Mr RAMSEY (Grey—Government Whip) (11:41): I’m amazed by the last speaker’s comments, which, on the one hand are decrying the lack of government policy and the lack of investment in electricity and then on the other hand shouting from the rooftops how magnificent it is that all these people are investing in renewable electricity.
Sometimes we learn from history, and we should learn from history. In South Australia, we’ve had quite a long and painful history in the provision of electricity prices. When I say ‘long’, the last seven or eight years have been quite problematic. I did some quick research this morning before rising to speak here. In February 2015, the wholesale electricity price in South Australia was $44. A month later it was $33. This is an average price for the month. In February 2016, it was $40, and then in March, it was $55. Then, in May 2016, the Northern Power Station closed. It closed because it was no longer economical, with a price of production of around $65 or $70 a megawatt hour. It was becoming increasingly unprofitable for them to supply electricity on a reduced number of days of the year because the renewable energy market had undermined that access to the market. So that closed and, by February 2017, the average price of electricity in South Australia was $179. In March, it was $122, so it had gone up by $80 a megawatt hour—by 130 per cent. In February 2018, it was $109. and then it was down to $80 in March. Perhaps the worst was over. In February 2019, it was $110, and then in March, it was $131. Then the federal government waved a big stick at the gas companies and said: ‘You must produce more gas. You are restricting flow to the market.’ That had a remarkable effect. By February the next year, it was back down to $64 and then $47 in March. Then this year, it was $22 a megawatt hour in February and $68 in March. It just cannot be that these two events are completely separate. Waving the big stick has made gas more available in Australia and has brought down the price of electricity, which is why we have now seen 18 consecutive months of a drop in retail prices for Australians, at least in the south-eastern electricity market.
There are some very important points in this. In that time in South Australia, there have been other things happen. There have been some good things happen. There has been a big investment in renewables and there has been investment in a couple of batteries. One is called the ‘big battery’. That does a very good job in frequency modulation, but it doesn’t supply base-load electricity. It doesn’t supply that momentum to the electricity grid that it needs to sustain reliable supply of electricity. Only two months ago in South Australia, AEMO was moved to shut down rooftop supply. It was supplying 70 per cent of a thin market. It just becomes unstable on the grid.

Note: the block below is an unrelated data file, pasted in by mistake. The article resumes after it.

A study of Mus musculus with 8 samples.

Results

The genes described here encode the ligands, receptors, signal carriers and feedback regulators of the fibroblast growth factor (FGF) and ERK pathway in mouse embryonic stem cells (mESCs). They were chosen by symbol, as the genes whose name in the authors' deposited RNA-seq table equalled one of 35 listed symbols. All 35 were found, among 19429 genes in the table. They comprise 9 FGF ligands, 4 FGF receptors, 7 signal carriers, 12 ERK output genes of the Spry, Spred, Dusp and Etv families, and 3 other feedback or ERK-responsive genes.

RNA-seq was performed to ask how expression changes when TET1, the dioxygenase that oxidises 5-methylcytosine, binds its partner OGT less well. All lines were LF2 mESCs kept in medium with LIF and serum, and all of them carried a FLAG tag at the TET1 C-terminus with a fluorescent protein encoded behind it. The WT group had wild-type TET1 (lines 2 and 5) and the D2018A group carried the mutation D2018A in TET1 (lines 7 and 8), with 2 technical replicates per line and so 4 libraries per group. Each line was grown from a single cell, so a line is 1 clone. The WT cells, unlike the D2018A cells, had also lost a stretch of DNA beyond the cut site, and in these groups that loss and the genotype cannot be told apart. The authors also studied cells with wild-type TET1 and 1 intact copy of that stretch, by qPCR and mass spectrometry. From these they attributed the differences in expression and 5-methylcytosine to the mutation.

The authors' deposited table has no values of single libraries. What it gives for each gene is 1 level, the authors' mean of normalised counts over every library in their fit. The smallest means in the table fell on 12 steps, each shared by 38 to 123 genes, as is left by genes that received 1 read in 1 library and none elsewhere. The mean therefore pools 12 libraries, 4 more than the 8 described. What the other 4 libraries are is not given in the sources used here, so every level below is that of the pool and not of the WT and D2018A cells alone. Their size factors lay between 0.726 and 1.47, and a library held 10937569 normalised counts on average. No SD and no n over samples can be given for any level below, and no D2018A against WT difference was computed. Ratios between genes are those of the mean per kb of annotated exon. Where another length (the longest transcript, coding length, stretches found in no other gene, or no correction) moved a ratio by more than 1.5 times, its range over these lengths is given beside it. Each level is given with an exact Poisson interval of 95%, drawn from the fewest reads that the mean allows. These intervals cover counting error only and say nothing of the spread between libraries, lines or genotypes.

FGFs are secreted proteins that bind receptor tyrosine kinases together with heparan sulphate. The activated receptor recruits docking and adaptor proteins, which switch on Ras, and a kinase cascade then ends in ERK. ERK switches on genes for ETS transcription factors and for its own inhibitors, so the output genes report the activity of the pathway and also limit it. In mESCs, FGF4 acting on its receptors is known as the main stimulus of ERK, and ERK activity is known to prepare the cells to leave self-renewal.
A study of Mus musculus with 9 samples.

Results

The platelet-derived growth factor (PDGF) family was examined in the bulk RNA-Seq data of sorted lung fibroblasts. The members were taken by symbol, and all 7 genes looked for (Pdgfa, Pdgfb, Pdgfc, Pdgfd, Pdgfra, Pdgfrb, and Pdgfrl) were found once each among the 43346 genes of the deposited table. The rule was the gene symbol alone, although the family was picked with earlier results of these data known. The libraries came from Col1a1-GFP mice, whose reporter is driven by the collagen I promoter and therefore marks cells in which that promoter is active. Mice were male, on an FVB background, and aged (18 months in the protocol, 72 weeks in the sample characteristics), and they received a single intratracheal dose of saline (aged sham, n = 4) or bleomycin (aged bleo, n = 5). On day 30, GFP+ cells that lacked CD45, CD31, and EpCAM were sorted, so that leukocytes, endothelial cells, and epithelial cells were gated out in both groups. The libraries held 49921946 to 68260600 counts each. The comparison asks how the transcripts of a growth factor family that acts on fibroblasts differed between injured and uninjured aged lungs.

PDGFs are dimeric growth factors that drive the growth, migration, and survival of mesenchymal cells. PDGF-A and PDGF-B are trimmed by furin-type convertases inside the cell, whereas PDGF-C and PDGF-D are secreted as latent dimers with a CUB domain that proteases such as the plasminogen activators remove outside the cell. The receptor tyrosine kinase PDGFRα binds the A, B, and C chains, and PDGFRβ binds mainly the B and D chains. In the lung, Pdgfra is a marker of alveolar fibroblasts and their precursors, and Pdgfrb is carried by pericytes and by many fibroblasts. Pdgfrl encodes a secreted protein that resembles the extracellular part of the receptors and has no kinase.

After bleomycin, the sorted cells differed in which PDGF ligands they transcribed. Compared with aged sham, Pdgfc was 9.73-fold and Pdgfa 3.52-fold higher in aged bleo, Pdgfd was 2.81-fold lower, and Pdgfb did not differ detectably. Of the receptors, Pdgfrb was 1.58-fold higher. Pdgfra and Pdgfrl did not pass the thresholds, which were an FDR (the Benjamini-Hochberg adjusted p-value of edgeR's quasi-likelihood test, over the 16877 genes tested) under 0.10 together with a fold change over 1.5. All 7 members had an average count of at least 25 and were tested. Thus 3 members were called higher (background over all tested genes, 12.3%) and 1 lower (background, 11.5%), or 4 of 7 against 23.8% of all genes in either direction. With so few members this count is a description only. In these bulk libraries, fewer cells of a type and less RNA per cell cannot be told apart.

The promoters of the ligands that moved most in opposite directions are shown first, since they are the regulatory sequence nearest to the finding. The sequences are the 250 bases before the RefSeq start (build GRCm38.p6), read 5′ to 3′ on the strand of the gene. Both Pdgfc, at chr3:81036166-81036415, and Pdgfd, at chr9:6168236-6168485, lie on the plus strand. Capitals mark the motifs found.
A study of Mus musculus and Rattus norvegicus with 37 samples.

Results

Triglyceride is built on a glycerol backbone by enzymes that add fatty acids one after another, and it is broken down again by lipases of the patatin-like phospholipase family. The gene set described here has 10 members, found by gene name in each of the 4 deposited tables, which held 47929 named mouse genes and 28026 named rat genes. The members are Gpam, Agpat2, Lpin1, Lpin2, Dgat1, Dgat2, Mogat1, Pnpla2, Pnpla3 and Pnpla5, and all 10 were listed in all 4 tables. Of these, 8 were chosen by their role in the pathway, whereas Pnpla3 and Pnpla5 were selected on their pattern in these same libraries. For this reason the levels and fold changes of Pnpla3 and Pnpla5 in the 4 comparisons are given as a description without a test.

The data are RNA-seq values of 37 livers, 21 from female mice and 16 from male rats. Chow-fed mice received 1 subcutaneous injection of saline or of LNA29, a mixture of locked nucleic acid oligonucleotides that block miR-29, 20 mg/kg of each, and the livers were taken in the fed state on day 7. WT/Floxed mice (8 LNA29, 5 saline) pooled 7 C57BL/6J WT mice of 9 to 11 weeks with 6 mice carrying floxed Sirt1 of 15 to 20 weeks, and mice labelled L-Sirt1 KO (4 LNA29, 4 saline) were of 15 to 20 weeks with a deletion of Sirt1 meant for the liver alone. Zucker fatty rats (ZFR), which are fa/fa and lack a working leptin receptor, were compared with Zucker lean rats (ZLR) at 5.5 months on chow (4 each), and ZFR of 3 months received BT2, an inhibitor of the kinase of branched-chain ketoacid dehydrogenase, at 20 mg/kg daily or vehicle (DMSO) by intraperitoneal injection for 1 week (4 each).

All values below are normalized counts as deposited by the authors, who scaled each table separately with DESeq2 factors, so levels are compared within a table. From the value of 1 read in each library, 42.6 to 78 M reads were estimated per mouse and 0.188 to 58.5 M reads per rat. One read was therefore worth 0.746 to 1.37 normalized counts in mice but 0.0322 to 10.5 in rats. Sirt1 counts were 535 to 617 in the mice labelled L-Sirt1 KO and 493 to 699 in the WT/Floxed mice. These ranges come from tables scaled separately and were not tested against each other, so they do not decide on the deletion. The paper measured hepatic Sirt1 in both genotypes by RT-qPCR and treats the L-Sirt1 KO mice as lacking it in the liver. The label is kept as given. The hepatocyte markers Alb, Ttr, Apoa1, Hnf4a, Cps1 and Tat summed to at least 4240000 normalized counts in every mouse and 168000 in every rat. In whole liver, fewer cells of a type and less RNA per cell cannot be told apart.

We’ve got over 2,000 megawatts of installed capacity of wind in South Australia but AEMO limits those wind farms to 1,200 megawatts, because they know to bring on any more than that is too unstable for the grid. The point I’m making here is that renewables are the way forward but they cannot be the way forward unless there is an underlying strength in the generation market that enables them to survive. I am talking about my understanding of the electricity market and where the electrons have to be when you turn the switch on in Melbourne so your lights work. That is what needs to be understood in this game. And that can be provided by batteries, but at this stage batteries are very good for frequency modulation and about 10 times too expensive for deep storage. They’re very fine if you want electricity on demand for an hour but an absolute disaster if you need it for three days.
Where can we find enough energy to be able to turn on, in the short term, for three, five, seven days when we are becalmed, as we often are in southern Australia through February, March and April? You find it in gas. That’s where the answer is. And that’s why the federal government’s moves, firstly, in waving the big stick and now in ensuring that we will have a gas underlying insurance to the market, which is so important to the advancement of the renewable electricity grid. Renewables cannot keep expanding unless they have back-up technologies. We need to go to the cheapest, most useable forms of those back-up technologies for them to work. That’s why electricity prices in Australia have come down over the last 18 months.